In Jigarthanda Double X, director Karthik Subbaraj shows how cinema can effect tectonic shifts in society.

Jigarthanda Double X movie review: Karthik Subbaraj delivers a memorable cinematic experience
Raghava Lawrence and SJ Suryah in Jigarthanda DoubleX

Last Updated: 04.41 PM, Nov 10, 2023


Jigarthanda Double X story
Jigarthanda Double X tells the story of a filmmaker who uses the art of cinema to tame a wild and ferocious cold-blooded killer.

Jigarthanda Double X review
The main theme of Jigarthanda Double X is an examination of an age-old question: how does art affect life and vice versa? "Look at cinema just as cinema," implored Thalapathy Vijay while speaking at the Leo success meet. But is it possible? Can our impressionable minds accept moving images as just a form of entertainment, process them as just a figment of someone's imagination and take nothing to heart from them? Is it humanly possible?

Even the sharpest minds are not immune to the profound effects of cinema. This medium has the power to change our way of thinking, make us feel new emotions and encourage us to open ourselves to different perspectives. Not for nothing, cinema is called an "empathy machine." And director Karthik Subbaraj is a firm believer in it. His runway hit Jigarthanda (2014) narrated a story of how a cold-hearted gangster falls in love with cinema and undergoes a seismic transformation.


In Jigarthanda Double X, Karthik revokes the same theme but he scales up its scope. He shows how cinema can effect tectonic shifts in society.

Set in the 1970s, in Jigarthanda Double X, we meet Caesar, a die-hard fan of Hollywood star Clint Eastwood. As the title suggests, Caesar is a cold-hearted person, and it's a rich trait in his line of business. He doesn't think twice before putting a bullet into someone's right eye or using film reels as fuel to set someone ablaze. He's a ruthless killer and it's the only way he can imagine himself. His ability to kill without guilt or regret is what defines him and keeps him at the top of the food chain in the underbelly of the Madurai underworld.

On the other side, there is Kirubakar, aka Ray Dasan (S. J. Suryah). He's a certified coward who suffers seizures at the very sight of blood. After a few unexpected twists and turns, he is accused of murdering four people. And he ends up in jail, where he finds a shot at freedom and a chance to regain the life he thought he had lost forever. He is recruited by a psychopathic cop, played by Naveen Chandra, to carry out a covert operation to kill Caesar.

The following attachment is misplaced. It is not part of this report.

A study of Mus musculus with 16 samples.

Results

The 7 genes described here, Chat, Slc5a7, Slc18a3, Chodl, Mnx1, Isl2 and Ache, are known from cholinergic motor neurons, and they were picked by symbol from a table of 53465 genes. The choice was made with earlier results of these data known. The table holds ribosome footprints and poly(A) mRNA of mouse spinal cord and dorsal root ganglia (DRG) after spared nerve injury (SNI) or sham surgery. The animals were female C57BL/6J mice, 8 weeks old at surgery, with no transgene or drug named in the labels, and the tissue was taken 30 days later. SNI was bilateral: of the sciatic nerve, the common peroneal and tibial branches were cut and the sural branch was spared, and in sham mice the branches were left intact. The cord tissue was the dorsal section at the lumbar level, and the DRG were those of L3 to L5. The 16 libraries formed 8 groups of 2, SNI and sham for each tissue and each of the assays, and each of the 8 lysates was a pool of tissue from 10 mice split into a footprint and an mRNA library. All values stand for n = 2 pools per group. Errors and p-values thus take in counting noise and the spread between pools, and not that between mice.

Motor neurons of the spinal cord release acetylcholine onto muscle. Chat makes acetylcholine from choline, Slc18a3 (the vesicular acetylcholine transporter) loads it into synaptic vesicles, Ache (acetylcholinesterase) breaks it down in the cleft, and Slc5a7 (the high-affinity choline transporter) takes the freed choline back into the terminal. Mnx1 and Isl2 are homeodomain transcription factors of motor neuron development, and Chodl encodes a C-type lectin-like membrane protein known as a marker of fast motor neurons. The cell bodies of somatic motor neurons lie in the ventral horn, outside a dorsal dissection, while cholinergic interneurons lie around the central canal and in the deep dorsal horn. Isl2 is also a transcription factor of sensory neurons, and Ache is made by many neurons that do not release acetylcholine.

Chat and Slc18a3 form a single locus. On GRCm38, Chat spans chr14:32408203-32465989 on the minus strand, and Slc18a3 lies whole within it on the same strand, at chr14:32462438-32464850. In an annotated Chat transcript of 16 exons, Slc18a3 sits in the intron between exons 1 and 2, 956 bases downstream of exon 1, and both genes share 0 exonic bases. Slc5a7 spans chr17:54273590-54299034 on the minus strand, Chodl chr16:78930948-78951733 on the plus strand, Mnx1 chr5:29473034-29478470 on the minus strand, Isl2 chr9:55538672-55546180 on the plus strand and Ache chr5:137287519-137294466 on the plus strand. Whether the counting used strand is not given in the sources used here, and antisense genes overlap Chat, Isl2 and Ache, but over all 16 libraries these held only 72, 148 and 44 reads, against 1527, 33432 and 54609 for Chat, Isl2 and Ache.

Just around the same time, Caesar also developed an ambition to become the first dark-skinned hero in the history of Tamil cinema. And he launches a wide hunt for 'the next big director' (Karthik's nod to Naalaiya Iyakkunar, a talent show that was instrumental in launching his directorial career). Thus, a cowardly Kirubakar assumes the name of Ray Dasan, a student of Satyajit Ray, and makes Caesar an offer he cannot refuse.

Ray promises Caesar to make an Oscar-winning film based on his life as a gangster. In other words, India's own The Godfather. Caesar melts and surrenders to Ray's vision. For the first time, Caesar could imagine himself as more than just a killer and this opened him to new possibilities.

Ray's wish becomes Caesar's command. Caesar even risks death to fulfil Ray's cinematic vision. "I heard a movie named Apoorva Raagangal has just been released. And it has introduced a new actor with dark skin. His name is Rajinikanth, it seems. People say that one day he will become a big superstar," Ray warns Caesar.

It is one of the meta moments in the movie and is also the director's ode to his favourite actor. Caesar decides to beat Rajinikanth to become the first dark-skinned hero in Tamil cinema and agrees to follow Ray's plan, which is actually a ploy to kill him.

Their attempt to make a movie will take them on a life-changing journey and transform them into true artists capable of effecting social change.

Raghava Lawrence and SJ Suryah complement each other very well as the yin and yang of this narrative. While at times the narrative feels convoluted with sudden cuts to flashbacks, nevertheless, it accomplishes what it promises: a memorable cinematic experience.

Karthik is becoming more political with each film and Jigarthanda Double X is no exception. His dialogues feel deep, nuanced and powerful as they discuss the evils of unchecked power and the struggles of the downtrodden. The film's VFX work is quite solid, especially the sequences involving the hunting of elephants.

The verdict: Karthik Subbaraj offers an engaging cinematic experience with moving visuals and strong performances while highlighting the cinema's responsibility towards society to make sense of life.